DUESSELDORF, Germany — The copilot of Germanwings Flight 9525 that crashed into the French Alps last week had received treatment for suicidal tendencies several years ago, prosecutors said Monday.
Duesseldorf prosecutors say copilot Andreas Lubitz, 27, had received psychotherapy “with a note about suicidal tendencies” for several years before becoming a pilot.
“In the following period, and until recently, further doctor’s visits took place, resulting in sick notes without any suicidal tendencies or aggression against others being recorded,” prosecutors’ spokesman Ralf Herrenbrueck said in a written statement.
He did not say where this treatment took place. Lubitz trained to be a pilot both in Germany and at the Lufthansa training facility in Phoenix, Arizona.
Authorities believe, based on data from the plane’s cockpit voice recorder, that Lubitz locked his captain out of the cockpit and ignored his pleas to open the door while sending the plane into a fatal descent on what should have been a routine flight.
All 150 people on board were killed when the Airbus A320 plane flying from Barcelona to Duesseldorf slammed into a French mountain on March 24 near the Alpine village of Le Vernet.
The crash has prompted wide-ranging questions about Lubitz’s motivation, his mindset, aviation industry regulations — and in the minds of the flying public, concerns about air travel safety.
Lufthansa, asked whether the airline had been aware of Lubitz’s previous psychotherapy treatment, said only that all medical information is subject to medical confidentiality rules.
Prosecutors said they have so far found no indications in Lubitz’s family, his personal surroundings or in his work environment of any motive that might have prompted his actions. They have not found any sign of a physical illness and have no evidence that he told anyone what he was going to do.
Prosecutors have previously said that, when they searched his home, they found torn-up sick notes from a doctor, one of which would have kept him off work on the day of the crash.
Asked about reports that Lubitz had problems with his vision, Christoph Kumpa, another spokesman for the Duesseldorf investigators, said there was no evidence showing that Lubitz had any physical ailment affecting his sight.
German aviation officials say Lubitz’s file at the country’s Federal Aviation Office contained a notation that meant he needed “specific regular medical examination,” but it did not specify whether it was for a physical or mental condition.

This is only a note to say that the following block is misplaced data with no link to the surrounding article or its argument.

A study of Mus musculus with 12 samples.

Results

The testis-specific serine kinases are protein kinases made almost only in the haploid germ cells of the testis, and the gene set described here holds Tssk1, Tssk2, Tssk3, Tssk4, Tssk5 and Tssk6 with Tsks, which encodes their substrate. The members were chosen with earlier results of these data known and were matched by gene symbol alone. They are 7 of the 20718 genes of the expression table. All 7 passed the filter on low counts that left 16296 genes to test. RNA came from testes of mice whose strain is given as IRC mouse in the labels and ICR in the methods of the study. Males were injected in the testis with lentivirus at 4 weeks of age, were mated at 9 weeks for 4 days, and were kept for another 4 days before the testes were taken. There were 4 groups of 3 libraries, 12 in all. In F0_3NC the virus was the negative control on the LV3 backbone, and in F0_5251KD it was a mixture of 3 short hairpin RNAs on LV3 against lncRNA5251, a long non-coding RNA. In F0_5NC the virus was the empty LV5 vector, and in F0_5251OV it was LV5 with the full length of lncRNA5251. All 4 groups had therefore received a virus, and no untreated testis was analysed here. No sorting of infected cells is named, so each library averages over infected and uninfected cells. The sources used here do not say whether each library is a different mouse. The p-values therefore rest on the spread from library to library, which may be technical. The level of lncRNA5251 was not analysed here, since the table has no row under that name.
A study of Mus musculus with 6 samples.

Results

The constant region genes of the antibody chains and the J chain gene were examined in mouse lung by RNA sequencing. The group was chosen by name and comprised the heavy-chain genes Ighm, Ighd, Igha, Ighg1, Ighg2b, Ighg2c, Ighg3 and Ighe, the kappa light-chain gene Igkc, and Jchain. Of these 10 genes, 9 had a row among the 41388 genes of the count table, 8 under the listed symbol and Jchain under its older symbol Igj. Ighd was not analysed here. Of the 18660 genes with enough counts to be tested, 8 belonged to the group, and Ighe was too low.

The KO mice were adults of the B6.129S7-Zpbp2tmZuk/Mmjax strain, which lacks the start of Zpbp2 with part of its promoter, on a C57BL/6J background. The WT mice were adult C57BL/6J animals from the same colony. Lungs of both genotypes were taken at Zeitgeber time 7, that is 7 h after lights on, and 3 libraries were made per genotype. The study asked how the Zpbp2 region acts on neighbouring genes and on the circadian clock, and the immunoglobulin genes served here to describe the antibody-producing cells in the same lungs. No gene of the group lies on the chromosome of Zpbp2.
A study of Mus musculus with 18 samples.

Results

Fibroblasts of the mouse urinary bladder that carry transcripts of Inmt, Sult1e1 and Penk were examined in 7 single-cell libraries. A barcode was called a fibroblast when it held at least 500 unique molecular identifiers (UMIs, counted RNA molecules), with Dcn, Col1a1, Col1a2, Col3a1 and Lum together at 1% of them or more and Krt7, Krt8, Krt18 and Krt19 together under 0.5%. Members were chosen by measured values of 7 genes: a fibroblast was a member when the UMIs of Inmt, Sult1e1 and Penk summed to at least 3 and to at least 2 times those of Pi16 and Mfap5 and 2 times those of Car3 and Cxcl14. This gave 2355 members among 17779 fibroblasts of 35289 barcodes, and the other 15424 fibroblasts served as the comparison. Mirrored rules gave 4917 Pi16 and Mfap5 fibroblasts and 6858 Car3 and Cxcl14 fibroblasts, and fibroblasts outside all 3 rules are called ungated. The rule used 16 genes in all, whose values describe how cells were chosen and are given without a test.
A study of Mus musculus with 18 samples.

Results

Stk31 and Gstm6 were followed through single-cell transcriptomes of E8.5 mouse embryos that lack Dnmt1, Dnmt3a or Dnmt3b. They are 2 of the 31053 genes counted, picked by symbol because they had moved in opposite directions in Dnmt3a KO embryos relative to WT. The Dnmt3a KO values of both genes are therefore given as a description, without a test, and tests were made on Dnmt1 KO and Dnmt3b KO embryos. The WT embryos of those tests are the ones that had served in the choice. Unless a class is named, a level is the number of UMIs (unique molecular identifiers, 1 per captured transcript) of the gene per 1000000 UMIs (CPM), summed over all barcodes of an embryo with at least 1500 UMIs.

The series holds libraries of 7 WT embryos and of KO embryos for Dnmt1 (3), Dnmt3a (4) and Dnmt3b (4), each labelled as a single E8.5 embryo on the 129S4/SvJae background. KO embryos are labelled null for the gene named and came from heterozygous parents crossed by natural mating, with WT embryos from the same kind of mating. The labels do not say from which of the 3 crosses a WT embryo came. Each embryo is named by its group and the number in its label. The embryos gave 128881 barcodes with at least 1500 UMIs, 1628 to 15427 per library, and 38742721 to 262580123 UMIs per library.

The US Federal Aviation Administration had issued Lubitz a third-class medical certificate. In order to obtain such a certificate, a pilot must be cleared of psychological problems including psychosis, bipolar disorder and personality disorders. The certificate also means that he wasn’t found to be suffering from another mental health condition that “makes the person unable to safely perform the duties” of a pilot.
Carsten Spohr, the CEO of Germanwings’ parent company, Lufthansa, said last week there was a “several-month” gap in Lubitz’s training six years ago, but refused to elaborate. Following the disruption, he said, Lubitz “not only passed all medical tests but also his flight training, all flying tests and checks.”
At the crash site in the French Alps, authorities were poring over DNA evidence that has been painstakingly collected from among the crash debris scattered across the steep mountainside. Their goal is to try to identify victims for the grieving relatives who have poured into France by the hundreds.
Workers with backhoes and tractors were laying down a road up to 2 kilometers (1.2 miles) long Monday to reach the remote crash site to help speed the investigation. To date, recovery crews have had to helicopter in and be tethered to local mountaineers to avoid slipping down the rocky, unstable slope.
France has deployed some 500 gendarmes and emergency workers to secure the crash site, search for human remains, examine evidence and help the traumatized relatives.
In the southeastern city of Marseille, Germanwings chief operating officer Oliver Wagner was meeting with victims’ relatives.
Wagner recalled a meeting last week in Haltern, Germany, with the parents of 16 high school students who had died in the crash, saying it was “certainly the saddest day of my life.”
“They asked ‘Why our children?'” he said. “We don’t understand what has happened and why it has happened.”
Copyright 2015 The Associated Press.